Congressional Republicans are protesting a recent ultimatum by President Obama to veto the introduction of any new annual spending bills that use the GOP's budget proposals unless a broader budget agreement can be reached.
While acknowledging the prospect of agreement between the Republican-controlled House and Democratic majority in the Senate is "a daunting challenge," in a letter to the president Thursday House Speaker John Boehner accused him of threatening a government shutdown with the position, asking to keep the two issues separate so as not to jeopardize party negotiations over a budget deal.
"At a time when such delicate discussions are underway, the introduction by your administration of such an explosive new dynamic [...] needlessly injects a new element of uncertainty into our economy and further jeopardizes hopes for a bipartisan agreement," it reads.
The speaker also claimed the president's stance contradicted statements he made at a March press conference when he said "there's no reason why we should have another crisis by shutting the government down in addition to these arbitrary spending cuts," referring to the across-the-board package of budget reductions known as the sequester.
In a statement on Monday the White House announced in broad terms that the president's advisers would "recommend" a veto of any spending bill that used Republican budget proposals as a framework, referring to two bills that passed the House later in the week. One funded the Department of Homeland Security while the other provided funding for the Department of Veterans Affairs and military construction projects.
Although both bills made use of Republican budget proposals to keep the sequester in place, the latter legislation passed with an overwhelming and veto-proof majority of 421-4, which includes the vast bulk of Democrats in the House of Representatives.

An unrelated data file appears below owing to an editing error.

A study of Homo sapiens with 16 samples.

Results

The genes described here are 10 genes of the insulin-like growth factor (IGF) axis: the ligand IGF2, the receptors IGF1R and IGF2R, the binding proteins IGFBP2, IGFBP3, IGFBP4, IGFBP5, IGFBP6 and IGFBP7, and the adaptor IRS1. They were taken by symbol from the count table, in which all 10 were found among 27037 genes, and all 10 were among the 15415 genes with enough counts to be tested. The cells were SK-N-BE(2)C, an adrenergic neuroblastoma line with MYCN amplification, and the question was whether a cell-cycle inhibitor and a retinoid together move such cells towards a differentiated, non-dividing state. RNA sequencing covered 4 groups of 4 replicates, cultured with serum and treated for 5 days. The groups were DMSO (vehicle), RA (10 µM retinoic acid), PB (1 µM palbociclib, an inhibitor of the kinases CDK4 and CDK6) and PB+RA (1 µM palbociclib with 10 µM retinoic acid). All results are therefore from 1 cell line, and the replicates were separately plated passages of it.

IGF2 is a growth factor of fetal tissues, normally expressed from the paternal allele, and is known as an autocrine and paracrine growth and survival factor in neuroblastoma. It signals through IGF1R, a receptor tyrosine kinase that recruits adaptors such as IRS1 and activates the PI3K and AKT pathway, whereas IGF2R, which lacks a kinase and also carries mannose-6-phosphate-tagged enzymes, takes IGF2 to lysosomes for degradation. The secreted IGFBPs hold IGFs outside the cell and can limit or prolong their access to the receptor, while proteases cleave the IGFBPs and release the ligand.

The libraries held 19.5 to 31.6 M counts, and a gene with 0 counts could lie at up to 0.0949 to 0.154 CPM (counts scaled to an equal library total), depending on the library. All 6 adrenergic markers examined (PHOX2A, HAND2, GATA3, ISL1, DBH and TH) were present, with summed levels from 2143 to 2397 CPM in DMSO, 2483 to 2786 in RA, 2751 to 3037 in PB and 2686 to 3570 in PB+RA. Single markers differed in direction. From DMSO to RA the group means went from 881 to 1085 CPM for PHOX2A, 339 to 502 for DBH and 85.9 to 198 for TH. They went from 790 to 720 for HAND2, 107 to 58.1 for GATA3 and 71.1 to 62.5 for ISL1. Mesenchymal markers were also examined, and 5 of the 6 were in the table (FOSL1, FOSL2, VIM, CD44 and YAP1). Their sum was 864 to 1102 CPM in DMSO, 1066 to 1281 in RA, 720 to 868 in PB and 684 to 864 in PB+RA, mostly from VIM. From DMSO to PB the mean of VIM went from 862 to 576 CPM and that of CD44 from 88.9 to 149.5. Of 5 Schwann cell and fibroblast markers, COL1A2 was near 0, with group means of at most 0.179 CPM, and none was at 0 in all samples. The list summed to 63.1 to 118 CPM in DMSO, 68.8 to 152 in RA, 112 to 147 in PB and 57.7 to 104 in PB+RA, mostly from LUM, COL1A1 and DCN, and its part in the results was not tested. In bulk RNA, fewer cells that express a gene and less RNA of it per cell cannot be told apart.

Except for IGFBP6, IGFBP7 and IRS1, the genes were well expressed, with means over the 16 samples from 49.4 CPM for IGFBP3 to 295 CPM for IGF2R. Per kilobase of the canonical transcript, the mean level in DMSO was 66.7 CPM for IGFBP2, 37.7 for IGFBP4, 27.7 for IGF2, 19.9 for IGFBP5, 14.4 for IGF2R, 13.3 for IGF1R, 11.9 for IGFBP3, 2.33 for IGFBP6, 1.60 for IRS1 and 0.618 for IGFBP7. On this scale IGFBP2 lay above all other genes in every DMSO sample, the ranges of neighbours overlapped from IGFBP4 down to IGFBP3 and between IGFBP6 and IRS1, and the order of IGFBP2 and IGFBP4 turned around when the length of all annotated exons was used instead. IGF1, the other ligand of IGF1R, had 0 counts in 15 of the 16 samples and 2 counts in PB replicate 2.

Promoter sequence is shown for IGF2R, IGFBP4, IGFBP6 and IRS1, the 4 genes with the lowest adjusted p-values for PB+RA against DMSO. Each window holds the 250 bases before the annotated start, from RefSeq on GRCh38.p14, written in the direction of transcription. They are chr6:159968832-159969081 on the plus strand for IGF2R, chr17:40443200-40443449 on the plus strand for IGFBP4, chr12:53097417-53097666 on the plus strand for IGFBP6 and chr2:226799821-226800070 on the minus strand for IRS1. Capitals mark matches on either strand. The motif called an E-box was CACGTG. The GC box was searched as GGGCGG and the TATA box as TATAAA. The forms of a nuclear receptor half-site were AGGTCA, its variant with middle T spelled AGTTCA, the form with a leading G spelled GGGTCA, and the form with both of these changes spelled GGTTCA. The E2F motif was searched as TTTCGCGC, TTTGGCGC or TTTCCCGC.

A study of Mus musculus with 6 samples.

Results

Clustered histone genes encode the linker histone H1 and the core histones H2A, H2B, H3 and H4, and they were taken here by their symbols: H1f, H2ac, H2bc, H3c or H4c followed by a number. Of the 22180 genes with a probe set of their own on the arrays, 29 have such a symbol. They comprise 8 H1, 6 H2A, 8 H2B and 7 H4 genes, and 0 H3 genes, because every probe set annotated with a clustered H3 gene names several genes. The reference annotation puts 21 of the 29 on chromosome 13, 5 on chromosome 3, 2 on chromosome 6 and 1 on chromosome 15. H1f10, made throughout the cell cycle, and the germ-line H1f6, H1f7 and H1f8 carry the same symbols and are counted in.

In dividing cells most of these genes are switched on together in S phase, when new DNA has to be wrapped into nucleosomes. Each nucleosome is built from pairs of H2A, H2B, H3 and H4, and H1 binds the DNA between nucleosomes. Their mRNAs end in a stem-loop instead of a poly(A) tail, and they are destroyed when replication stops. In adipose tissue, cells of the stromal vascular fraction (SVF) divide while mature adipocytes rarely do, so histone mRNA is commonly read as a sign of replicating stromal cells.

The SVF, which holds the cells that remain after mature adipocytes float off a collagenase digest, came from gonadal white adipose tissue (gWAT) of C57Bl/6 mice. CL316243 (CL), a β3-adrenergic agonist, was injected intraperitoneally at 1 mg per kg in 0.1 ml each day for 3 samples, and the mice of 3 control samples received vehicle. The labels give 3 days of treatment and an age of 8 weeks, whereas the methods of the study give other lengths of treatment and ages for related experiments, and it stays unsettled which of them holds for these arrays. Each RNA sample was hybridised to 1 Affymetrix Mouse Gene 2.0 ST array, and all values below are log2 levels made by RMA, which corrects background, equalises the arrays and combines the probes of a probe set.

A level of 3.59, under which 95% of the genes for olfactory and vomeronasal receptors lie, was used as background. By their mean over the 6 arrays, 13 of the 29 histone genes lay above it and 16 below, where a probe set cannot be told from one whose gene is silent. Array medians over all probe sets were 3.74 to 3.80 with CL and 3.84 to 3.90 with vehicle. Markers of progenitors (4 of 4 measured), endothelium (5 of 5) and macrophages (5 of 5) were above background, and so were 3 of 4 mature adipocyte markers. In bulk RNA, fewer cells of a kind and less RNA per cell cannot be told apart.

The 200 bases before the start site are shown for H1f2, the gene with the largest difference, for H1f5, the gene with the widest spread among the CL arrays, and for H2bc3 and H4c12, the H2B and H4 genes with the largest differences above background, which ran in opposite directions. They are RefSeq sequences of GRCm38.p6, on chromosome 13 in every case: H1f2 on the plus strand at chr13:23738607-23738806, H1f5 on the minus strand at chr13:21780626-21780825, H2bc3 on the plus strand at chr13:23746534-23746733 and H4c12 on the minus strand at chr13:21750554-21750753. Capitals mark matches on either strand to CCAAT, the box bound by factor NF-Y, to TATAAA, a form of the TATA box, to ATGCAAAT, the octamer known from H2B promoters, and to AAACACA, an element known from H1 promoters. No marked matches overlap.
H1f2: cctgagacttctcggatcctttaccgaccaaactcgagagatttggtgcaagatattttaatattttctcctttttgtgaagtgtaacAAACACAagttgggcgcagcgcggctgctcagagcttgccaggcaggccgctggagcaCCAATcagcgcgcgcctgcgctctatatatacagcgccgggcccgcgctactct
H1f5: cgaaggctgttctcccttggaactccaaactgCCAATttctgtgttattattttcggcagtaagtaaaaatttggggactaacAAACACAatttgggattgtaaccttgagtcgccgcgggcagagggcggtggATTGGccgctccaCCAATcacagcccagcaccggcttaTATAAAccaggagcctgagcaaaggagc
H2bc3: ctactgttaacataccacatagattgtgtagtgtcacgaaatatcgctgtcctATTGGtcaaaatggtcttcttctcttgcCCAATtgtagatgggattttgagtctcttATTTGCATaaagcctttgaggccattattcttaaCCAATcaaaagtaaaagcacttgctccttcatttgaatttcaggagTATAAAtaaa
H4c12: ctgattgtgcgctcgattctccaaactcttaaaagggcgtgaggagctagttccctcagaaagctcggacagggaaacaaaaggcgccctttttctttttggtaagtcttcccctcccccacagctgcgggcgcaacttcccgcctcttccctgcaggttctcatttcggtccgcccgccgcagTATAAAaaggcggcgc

Meanwhile an Obama spokesperson says the presidential veto threat shouldn't be translated into one of government shutdown, but rather used to frame their position that the GOP's cuts would harm needed domestic programs.
"The administration made one thing very clear this week: we simply won't sign into law the Republican budget, which would drastically slash the investments the middle class, seniors and our economic growth depend on," writes Amy Brundange. "The president's policies, including signing into law over $2.5 trillion of deficit reduction, have contributed to the most rapid decline in the deficit since World War II."
The Republican budget, written by House Budget Committee chairman Rep. Paul Ryan, calls for continuing the current federal spending levels set by sequestration while shifting about $30 billion to the Defense Department from non-military programs.
Should a budget negotiation stall it does not necessarily mean a shutdown is imminent. Congress would likely pass what is called a continuing resolution, temporary measures designed to fund the government for a limited time. The practice has become commonplace in recent politics. Last month the Senate passed such a stopgap to fund the government until fall.